SRINAGAR: The Jammu and Kashmir Fire and Emergency Services (JKFES) is witnessing acute shortfall in the human resource even as the priority with the department is to pile up machinery by expending huge financial resources.
The department is facing shortage of thousands of men including officials, fire-fighters and drivers. Worse, a large number of employees is reaching the age of superannuation every month, adding to the dearth of manpower in the services.
Informed sources said that JKFES has 2300 staffers at present, 1282 less than the sanctioned strength of 3582 staffers. The staff crunch compels the JKFES to manage only 87 fire stations and posts instead of the existing 156 stations and posts. The leftover 69 posts and stations are managed by internal adjustment of the staff.
“We have such an acute shortfall that two fire tenders at different locations in an area are managed by single driver,” said one of the staffers though our officials are piling up our machinery with no addition in human resource.
Ideally a fire station should have two drivers, 2 to 4 havaldars and 12 sepoys to manage a station but on the ground employees said that this staff is not visible at any of the stations. On the driver count alone, the most vital human resource in the emergency services, the department is facing 29 percent shortage.
The focus on purchase of machinery according to staffers is only because of ‘commissions received from the supplier companies on such purchases’.
The staffers buttress their claim with examples. They said that recently the department has asked a Mumbai based company to supply about 700 fire hoses costing over Rs 63 lakh. “There was no need to purchase this equipment at high rates,” an employee of the department said.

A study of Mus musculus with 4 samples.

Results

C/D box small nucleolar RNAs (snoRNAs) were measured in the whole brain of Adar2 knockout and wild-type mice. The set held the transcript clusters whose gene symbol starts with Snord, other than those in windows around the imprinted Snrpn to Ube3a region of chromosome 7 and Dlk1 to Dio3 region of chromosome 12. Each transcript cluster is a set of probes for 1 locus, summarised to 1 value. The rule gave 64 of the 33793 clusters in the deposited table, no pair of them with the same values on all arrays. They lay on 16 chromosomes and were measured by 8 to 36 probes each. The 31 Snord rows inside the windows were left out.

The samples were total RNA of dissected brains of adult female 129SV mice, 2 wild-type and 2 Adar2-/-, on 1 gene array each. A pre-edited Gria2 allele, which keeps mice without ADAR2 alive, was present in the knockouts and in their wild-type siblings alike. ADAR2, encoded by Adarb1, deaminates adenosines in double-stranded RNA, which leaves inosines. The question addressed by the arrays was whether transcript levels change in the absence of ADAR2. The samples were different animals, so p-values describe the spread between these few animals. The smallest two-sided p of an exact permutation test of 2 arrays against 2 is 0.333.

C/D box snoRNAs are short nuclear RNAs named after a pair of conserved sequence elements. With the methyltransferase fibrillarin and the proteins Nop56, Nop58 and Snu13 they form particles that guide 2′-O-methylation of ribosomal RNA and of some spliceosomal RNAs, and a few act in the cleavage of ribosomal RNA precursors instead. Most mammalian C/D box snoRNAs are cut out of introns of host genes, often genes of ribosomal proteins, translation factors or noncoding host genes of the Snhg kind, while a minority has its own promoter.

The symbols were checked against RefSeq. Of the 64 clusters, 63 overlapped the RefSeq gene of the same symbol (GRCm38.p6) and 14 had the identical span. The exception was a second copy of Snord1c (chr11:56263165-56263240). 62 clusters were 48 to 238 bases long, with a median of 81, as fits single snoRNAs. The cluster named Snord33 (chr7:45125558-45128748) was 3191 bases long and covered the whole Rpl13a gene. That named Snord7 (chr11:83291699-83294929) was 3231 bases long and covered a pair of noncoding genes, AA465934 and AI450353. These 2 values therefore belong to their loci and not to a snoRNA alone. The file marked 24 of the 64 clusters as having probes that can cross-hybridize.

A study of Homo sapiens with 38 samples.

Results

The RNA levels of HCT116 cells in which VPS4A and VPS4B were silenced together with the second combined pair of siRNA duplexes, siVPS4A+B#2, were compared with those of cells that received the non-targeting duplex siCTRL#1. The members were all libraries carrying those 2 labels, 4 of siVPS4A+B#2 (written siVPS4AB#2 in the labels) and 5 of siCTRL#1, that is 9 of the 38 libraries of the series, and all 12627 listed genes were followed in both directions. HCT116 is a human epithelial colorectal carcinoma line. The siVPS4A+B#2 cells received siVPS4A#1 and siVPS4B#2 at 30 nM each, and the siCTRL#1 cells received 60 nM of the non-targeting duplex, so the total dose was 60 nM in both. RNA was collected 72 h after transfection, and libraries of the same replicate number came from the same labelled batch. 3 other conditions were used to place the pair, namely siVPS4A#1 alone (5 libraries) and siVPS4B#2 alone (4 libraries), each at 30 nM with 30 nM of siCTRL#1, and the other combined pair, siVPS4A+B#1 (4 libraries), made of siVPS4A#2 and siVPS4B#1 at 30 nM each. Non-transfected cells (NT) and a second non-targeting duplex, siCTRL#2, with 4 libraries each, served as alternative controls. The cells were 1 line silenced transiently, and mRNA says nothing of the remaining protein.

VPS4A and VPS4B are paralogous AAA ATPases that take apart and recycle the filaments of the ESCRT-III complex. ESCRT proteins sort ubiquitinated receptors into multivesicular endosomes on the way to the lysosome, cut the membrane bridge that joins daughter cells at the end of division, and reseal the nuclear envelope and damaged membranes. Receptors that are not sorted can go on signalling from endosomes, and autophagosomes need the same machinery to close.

“What is the fun of piling up additional 21 kilometers of these pipes, if we do not have men to manage it,” he questioned. “The stockpile of hoses and other equipment only drains resources. This unfruitful expenditure will ruin the department and the ability of the human resource to deliver in emergencies,” he said.
Director General of Fire and Emergency Services Er RS Sodhi, however, sought to downplay the situation. He said the department is doing purchases as per the department needs and set guidelines.
“We cannot even purchase a needle without completing government formalities and such allegations are leveled by people who are not well-wishers of the department,” he said
Sodhi acknowledged the fact that the department was running under dearth of staff but maintained that the insufficient staff does not hamper the functioning of the services.
“We are carrying out the emergency services aptly and that is visible by our work on ground. Dearth of staff will be looked into by the government at appropriate time, he said adding that the earlier selection process to infuse more men into the services was canceled by the government.